Above, non-GMO High Mowing Farm seeds at Berkshire Organics in Dalton; left, a label on a cereal box. A bill to require GMO labeling on foods and seeds is stuck in committee on Beacon Hill.
STOCKBRIDGE, Mass. — With the clocking counting down to the end of the legislative session on Thursday, a bill requiring GMO food labeling is still sitting in committee.
"This is a very simple bill," state Rep. Gailanne Cariddi, D-North Adams, said. "People have the right to know what they are eating. The labeling gives the consumer a clear choice."
Bill H.3996, An Act relative to the labeling of seed, requires that "food for human consumption and seeds that produce food for human consumption carry a clear and conspicuous labeling, 'produced with genetic engineering' on the package, shelf for unpackaged retail food or bill of sale in the case of wholesale products."
Unlike Vermont's genetically modified organism-labeling bill that went into effect on July 1, Massachusetts' bill has what is referred to as a trigger clause. Bill H.3996 requires four other Northeast states, at least one of which borders Masachusetts, with an aggregate population of at least 20,000,000 as of the 2010 Census before it would go into effect.
Maine and Connecticut passed GMO-labeling bills with trigger clauses last summer. The New Hampshire House of Representatives voted down its GMO-labeling bill in January. A bill is pending in the Rhode Island House and bills are moving through the legislatures of New York, New Jersey and Pennsylvania.
Once the trigger clause requirements are met, procedures would begin within 30 days to implement the Massachusetts bill.
State Rep. Paul W. Mark, D-Peru, said that of "the 8,000 or so bills that come through the House every year, there are still hundreds, maybe over a thousand bills waiting to be voted on before Aug. 1."
Mark and his fellow Berkshire delegates supports the bill; some are sponsors.
But after having been reported favorably — meaning the bill is recommended for a full House vote — out of two House committees in March and May, H.3996 has been sitting in the 28-member House Ways & Means committee with those 999 other bills.
Cariddi said she was behind the bill "110 percent."
"It is something that is very important to my constituents. I get emails almost daily. I have had more constituent contact on that one particular issue than any other this session," she said.
"I have asked the Ways & Means to report it out favorably. They have to vote on it before it goes to the floor."
If Ways & Means reports it out favorably, there is still one more committee it must pass through before it comes to the House floor for a full vote — the Third Reading Committee.
"This committee's job is to make sure bills are constitutional," Mark said. "But it's only a three-member committee so it can come to the floor quickly. They can vote it out very quickly."
At least 119 out of the 160 House and about 27 of the 40 senators would vote to adopt mandatory labeling for genetically engineered food and seed to produce food for human consumption.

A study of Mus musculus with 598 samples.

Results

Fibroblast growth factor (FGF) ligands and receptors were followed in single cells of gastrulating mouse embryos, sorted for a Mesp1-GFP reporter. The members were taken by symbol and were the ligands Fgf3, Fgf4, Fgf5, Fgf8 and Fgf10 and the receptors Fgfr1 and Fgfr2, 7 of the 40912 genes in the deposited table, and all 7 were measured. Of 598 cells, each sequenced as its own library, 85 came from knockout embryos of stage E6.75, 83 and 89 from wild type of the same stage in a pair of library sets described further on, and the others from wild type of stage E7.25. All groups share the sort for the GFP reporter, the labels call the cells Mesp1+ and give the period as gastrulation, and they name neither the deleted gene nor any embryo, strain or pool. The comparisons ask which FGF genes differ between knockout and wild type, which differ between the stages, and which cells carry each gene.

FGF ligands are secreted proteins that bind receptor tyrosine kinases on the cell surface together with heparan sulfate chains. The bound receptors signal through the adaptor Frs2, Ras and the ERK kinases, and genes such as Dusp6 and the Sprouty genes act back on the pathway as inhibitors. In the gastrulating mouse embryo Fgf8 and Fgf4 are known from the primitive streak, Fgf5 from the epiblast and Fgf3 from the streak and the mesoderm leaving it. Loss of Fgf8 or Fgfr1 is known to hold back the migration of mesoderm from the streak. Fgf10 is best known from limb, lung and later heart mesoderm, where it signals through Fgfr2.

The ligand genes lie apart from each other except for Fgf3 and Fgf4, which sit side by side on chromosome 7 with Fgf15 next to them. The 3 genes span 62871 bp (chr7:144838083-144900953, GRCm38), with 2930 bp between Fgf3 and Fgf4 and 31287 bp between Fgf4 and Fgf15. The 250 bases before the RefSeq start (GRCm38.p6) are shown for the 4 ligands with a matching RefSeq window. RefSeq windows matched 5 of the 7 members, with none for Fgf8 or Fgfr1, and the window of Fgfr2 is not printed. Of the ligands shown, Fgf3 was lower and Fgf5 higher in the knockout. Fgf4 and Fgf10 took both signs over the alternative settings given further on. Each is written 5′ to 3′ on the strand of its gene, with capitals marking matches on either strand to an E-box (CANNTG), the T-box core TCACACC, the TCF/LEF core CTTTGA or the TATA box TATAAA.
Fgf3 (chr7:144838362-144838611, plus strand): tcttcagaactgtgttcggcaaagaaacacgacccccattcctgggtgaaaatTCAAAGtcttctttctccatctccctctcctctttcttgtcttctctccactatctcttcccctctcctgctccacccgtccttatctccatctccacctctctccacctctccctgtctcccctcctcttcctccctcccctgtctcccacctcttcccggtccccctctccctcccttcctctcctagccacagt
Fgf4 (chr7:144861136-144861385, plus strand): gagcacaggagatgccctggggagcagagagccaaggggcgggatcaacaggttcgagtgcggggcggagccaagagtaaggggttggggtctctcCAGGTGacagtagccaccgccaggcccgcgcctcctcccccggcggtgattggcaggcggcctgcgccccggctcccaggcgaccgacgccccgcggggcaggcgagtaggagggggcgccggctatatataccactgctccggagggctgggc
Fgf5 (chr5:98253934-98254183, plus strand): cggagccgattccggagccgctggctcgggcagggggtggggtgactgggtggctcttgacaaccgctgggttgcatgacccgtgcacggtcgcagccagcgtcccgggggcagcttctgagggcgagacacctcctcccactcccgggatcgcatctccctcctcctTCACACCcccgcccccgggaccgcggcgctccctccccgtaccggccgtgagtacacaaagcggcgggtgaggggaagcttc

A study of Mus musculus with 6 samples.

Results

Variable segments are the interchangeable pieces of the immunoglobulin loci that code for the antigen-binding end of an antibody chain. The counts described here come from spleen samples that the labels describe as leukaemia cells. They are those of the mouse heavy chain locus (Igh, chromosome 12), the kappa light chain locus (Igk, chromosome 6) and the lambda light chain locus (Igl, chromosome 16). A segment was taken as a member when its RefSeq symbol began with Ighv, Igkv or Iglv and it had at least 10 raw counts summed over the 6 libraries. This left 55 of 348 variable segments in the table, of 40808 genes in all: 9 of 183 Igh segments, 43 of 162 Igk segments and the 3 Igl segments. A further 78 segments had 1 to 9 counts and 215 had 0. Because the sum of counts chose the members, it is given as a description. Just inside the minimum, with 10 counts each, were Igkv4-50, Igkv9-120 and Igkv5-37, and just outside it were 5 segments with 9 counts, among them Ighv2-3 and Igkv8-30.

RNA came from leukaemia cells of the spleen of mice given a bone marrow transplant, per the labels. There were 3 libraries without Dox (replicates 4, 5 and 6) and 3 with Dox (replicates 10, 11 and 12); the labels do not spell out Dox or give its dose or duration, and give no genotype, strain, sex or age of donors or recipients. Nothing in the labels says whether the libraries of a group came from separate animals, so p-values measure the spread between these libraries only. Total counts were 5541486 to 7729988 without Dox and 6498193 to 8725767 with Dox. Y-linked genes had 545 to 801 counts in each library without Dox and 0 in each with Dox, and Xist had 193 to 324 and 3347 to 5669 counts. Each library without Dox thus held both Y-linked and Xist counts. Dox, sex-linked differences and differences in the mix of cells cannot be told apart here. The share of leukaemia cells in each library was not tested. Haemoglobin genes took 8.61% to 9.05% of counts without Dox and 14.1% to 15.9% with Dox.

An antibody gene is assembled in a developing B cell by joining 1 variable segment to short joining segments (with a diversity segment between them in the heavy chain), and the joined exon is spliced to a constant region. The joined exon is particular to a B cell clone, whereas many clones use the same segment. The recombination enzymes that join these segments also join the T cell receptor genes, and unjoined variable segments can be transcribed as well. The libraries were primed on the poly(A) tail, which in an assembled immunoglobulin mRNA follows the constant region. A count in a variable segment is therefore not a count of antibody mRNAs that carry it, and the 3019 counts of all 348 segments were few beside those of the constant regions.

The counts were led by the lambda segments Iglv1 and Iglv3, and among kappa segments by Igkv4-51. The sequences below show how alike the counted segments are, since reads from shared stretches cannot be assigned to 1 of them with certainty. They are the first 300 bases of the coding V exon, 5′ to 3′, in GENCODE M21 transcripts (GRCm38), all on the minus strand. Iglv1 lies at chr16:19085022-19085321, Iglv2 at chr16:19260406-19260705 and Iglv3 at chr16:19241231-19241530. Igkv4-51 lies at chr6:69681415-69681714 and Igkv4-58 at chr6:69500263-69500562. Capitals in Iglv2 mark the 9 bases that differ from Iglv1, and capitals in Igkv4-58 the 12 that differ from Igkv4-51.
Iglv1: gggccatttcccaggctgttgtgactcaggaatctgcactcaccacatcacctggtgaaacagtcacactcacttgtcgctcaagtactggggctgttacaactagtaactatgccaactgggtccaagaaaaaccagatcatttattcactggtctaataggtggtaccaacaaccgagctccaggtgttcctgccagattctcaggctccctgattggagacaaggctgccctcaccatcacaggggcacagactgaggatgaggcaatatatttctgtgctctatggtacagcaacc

Rep. Brian Dempsey, D-Haverhill, chairman of the house Ways & Means committee is not on the list of bill H.3996 supporters.
"This is something everybody wants," state Rep. Tricia Farley-Bouvier, said. "The community is still very engaged."
"It is extremely busy at end of session," the Pittsfield Democrat said with concern. "Our job is to make enough noise so that [bill H.3996] doesn't get lost."
State Rep. William "Smitty" Pignatelli, D-Lenox, is also on board, having sponsored a similar bill calling for "Genetically Engineered" to appear prominently on labels for such foods and banning the use of the word "natural" in their advertising. Pignatelli also sits on Ways & Means.
Since the House meets every 72 hours, in formal or informal session, year-round, it is not impossible to pass bills all the way to the end of the year, although it is rare.
"We really have until Dec. 31, if there is very little opposition, so there are still four more months," Mark noted. "But, once Aug. 1 happens, one member could raise an objection to table any bill. Before Aug. 1, you only need a majority [of representatives] to pass a bill. After Aug. 1, one person can object and the bill is dead."
Mark said the most effective way to let your representative know what you want him or her to do is to call, email or write a letter. He said calls from constituents influences what he does.
Farley-Bouvier said she notices and appreciates how active Berkshire people are on the GMO-labeling issue.
"Some people are very persistent and that's great," she said. "Some people, I don't hear from on any other issue."
State Sen. Benjamin B. Downing was not a supporter of GMO-labeling until some of his constituents went to speak with him as part of the advocacy group MA Right to Know GMOs.
An aide to the senator said he was persuaded to change his mind by what he learned about the potential dangers of consuming genetically engineered food.
"The senator is currently advocating for passage of bill H. 808, put forth by Rep. Todd Smola of Palmer, which is currently going through the Joint Senate and House Committee," said the aide.
From 11 to 4 today through Thursday, MA Right to Know GMOs is conducting a "Rolling Reminder to Label GMOs" inside the State House.
"With 146 of 195 legislators voicing their support for this commonsense legislation, we, too, are surprised it hasn't yet come up for a vote," the group's website states.